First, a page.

A bench headed by Justice R. Banumathi and comprising Justices Ashok Bhushan and A.S. Bopanna will pronounce the verdict on Friday.

Advocate A.P. Singh, representing Vinay Sharma, made some critical allegations on the decision of the President to reject his client’s mercy plea. “The President of India adopted pick and choose formula that is why the mercy petition was dismissed…the Republic was biased in rejecting the mercy plea…and the bifurcation of crime and categorical conviction have not been done so far,” contended Singh before the bench.

This argument evoked sharp criticism from the court and the Solicitor General Tushar Mehta, who was representing the Centre on the matter.

Singh also submitted relevant documents in connection with his client’s mental state were not placed before the President. Singh contended Sharma was undergoing psychological problems due to ill-treatment and solitary confinement in jail, which was in violation of the prison norms.

Singh cited the Supreme Court’s 2014 judgement in Shatrughan Chauhan, which held that death sentences of convicts suffering from mental illness should be commuted.

Mehta contested these arguments. “He was regularly checked, which is part of routine check-ups. There is a jail psychiatrist, who checks everybody. He is found to be in good health as per the latest medical report”, submitted Mehta before the court.

Mehta also told the court that the Ministry of Home Affairs examined all the documents related to the case and concluded it falls under the rarest of the rare category. “Everybody has applied their mind, and we have not considered any material which is extraneous…after this, the President rejected his mercy plea”, contended Mehta before the court.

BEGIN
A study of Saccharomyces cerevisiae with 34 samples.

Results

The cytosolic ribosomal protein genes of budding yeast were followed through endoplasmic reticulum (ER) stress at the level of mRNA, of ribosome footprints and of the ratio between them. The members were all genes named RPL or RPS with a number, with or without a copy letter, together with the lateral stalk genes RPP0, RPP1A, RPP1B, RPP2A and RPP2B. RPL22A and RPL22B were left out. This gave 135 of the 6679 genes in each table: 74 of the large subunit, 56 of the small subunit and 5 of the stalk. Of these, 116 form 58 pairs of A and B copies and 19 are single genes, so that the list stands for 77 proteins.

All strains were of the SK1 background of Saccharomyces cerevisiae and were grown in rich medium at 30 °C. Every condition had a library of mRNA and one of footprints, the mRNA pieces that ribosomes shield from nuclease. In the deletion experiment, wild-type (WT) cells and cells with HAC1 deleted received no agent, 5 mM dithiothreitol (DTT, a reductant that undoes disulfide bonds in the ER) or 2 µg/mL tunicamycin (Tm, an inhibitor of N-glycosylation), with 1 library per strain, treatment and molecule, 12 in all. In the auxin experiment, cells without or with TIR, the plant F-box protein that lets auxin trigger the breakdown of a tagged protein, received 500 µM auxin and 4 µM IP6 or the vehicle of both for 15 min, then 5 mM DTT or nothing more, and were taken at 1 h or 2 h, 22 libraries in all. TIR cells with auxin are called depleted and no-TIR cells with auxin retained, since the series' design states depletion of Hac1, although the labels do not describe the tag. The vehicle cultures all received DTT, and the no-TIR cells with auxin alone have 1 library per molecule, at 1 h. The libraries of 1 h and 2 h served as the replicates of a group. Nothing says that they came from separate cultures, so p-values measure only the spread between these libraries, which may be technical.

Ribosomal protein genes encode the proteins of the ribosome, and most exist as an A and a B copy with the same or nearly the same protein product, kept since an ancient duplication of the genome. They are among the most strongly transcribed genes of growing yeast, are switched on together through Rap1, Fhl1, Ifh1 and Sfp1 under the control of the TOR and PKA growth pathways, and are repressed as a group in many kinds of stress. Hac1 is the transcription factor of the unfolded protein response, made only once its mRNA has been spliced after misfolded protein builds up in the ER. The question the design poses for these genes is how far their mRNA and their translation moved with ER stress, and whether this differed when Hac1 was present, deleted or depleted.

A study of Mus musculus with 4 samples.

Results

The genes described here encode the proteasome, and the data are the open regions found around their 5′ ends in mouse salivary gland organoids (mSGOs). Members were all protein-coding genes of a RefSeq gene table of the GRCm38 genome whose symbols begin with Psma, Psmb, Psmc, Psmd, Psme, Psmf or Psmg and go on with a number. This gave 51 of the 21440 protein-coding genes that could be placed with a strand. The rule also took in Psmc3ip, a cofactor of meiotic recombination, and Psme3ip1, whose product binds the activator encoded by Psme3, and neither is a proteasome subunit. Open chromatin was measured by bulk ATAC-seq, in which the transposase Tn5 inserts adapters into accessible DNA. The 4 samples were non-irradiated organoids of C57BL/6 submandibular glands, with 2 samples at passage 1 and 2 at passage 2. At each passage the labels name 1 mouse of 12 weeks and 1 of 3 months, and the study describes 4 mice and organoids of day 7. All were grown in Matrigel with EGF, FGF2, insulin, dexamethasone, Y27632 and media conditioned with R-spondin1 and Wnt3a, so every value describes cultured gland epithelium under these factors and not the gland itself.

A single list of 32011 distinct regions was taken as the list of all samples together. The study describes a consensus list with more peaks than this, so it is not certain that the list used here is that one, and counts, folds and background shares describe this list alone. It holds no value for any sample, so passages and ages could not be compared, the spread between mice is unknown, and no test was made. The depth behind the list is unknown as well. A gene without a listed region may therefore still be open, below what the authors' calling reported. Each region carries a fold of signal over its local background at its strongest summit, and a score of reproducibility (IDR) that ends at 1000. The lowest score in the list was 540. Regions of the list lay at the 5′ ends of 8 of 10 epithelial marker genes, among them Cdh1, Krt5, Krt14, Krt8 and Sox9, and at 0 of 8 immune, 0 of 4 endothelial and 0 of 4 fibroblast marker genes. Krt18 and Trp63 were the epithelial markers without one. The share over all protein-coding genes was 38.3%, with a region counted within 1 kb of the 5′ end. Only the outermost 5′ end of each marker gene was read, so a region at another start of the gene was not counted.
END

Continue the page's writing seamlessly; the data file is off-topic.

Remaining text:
Sharma had moved the top court on February 11, the final day of the seven-day deadline granted by Delhi High Court to all accused to exhaust legal remedies.

Meanwhile, the apex court also deferred the hearing on Centre’s plea seeking separate execution of four convicts in the case to Friday. The court has asked the convicts to file their replies. The bench has appointed senior advocate Anjana Prakash as amicus curiae to represent the convict Pawan Kumar Gupta.

The matter was deferred in the backdrop of a trial court order on Wednesday, directing the District Legal Services Authority to provide Gupta’s father with a list of its empanelled advocates, and asked him to choose one to represent his son. He is the lone convict who is yet to file a curative petition — the last legal remedy for a convict and it is decided in-chamber –and mercy plea before the President.